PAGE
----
The oesophagus (sometimes also spelt as oesophagus) is a muscular tube that connects the back of the mouth to the stomach. It runs down at the back of the neck, down the chest where it lies to the back of the heart, and then enters the abdomen through a hole in the diaphragm. Its main role is to propel food from the mouth into the stomach.
What is oesophageal cancer?
Oesophageal cancer is the cancer of the cells of the inner lining of the oesophagus. It is interesting to note that the oesophagus has 2 types of lining. Most of the oesophagus is lined by squamous cells – this is similar to the cells of our skin. Just when the oesophagus joins the stomach, it is lined by columnar cells. This is similar to the cells lining the rest of the digestive tract.
If the cancer arises from the squamous lining part of the oesophagus, the medical scientific term is called Squamous Cell Carcinoma. If the cancer arises from the columnar lining part, it is called Adenocarcinoma.
For adenocarcinoma of the oesophagus, there is an association with chronic gastric reflux (or GERD for short). For patients with gastric reflux, the repeated exposure to gastric acid will cause the lower end of the oesophagus to develop chronic inflammation, sometimes even with ulcer formations. Over time, there will be genetic mutations of the lining, a condition called Barrett’s oesophagus. This is a pre-cancerous condition.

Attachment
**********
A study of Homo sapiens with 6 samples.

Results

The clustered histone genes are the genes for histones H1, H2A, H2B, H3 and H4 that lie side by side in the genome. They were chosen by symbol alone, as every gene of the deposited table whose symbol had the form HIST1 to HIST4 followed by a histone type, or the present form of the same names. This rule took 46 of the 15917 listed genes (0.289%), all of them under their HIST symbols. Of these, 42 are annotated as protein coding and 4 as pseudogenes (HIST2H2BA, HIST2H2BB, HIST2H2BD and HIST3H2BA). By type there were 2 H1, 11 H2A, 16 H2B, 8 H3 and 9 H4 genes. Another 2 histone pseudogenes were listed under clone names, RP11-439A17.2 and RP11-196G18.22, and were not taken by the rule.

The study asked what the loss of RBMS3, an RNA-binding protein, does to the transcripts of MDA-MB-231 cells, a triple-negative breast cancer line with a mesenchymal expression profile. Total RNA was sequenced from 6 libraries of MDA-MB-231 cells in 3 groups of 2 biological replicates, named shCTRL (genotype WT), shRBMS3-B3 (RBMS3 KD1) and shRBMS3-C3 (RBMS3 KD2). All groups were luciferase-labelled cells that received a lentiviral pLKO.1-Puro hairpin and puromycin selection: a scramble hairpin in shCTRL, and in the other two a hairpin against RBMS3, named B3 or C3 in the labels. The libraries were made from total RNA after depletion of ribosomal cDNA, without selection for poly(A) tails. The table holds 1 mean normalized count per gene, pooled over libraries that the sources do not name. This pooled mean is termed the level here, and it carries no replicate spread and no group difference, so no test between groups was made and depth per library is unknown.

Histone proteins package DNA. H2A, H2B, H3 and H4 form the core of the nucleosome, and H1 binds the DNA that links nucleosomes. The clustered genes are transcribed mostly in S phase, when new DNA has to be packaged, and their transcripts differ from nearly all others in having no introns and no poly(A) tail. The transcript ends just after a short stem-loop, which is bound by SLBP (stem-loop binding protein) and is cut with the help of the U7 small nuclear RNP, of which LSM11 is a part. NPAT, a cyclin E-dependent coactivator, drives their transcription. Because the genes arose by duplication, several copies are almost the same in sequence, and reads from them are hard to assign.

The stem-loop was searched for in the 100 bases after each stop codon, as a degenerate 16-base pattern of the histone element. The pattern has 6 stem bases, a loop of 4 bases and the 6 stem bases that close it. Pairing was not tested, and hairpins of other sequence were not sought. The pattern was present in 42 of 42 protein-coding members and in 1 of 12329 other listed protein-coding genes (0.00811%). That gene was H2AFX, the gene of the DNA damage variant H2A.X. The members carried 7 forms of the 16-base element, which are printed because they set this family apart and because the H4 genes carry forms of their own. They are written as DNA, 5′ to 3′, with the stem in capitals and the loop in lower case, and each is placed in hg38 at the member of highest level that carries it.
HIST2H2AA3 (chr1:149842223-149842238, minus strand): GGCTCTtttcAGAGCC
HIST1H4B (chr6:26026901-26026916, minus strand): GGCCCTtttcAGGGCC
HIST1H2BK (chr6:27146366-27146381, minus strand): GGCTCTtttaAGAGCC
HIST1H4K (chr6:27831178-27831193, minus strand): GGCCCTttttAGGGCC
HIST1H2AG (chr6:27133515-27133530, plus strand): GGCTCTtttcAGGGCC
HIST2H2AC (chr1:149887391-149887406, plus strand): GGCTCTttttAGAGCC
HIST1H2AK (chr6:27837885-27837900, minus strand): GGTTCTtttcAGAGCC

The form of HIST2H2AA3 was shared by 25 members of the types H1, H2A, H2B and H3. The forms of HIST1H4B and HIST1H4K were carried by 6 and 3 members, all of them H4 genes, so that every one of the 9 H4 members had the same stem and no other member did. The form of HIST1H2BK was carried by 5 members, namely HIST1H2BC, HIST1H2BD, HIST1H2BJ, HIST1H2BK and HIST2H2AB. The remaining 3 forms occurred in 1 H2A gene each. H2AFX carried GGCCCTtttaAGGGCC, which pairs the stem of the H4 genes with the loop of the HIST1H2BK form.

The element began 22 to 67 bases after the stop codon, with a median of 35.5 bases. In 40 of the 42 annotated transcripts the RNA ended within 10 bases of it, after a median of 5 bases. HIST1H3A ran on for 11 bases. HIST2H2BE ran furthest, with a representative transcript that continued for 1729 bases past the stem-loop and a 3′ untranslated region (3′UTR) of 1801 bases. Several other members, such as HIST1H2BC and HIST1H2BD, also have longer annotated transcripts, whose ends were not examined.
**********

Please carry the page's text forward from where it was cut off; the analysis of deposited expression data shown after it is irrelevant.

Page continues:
Esophageal cancer may not present with any symptoms in the early stages. Common symptoms include:
The ideal test is to perform a gastroscopy (a type of endoscopy). This allows the doctor to visualise the cancer, accurately locate the part of the oesophagus where the cancer is, and obtain tissue biopsy to confirm the diagnosis. An alternative to the gastroscopy is to do a Barium Swallow.
Following the diagnosis of the cancer, the doctor may organise scans like CT scan to check if the cancer has spread.
Treatment depends on the location and stage of the disease as well as the patient’s general condition. Surgical treatment ranges from minimally invasive resection to open radical resection.
Chemotherapy and radiotherapy may be necessary as additional or alternative treatments.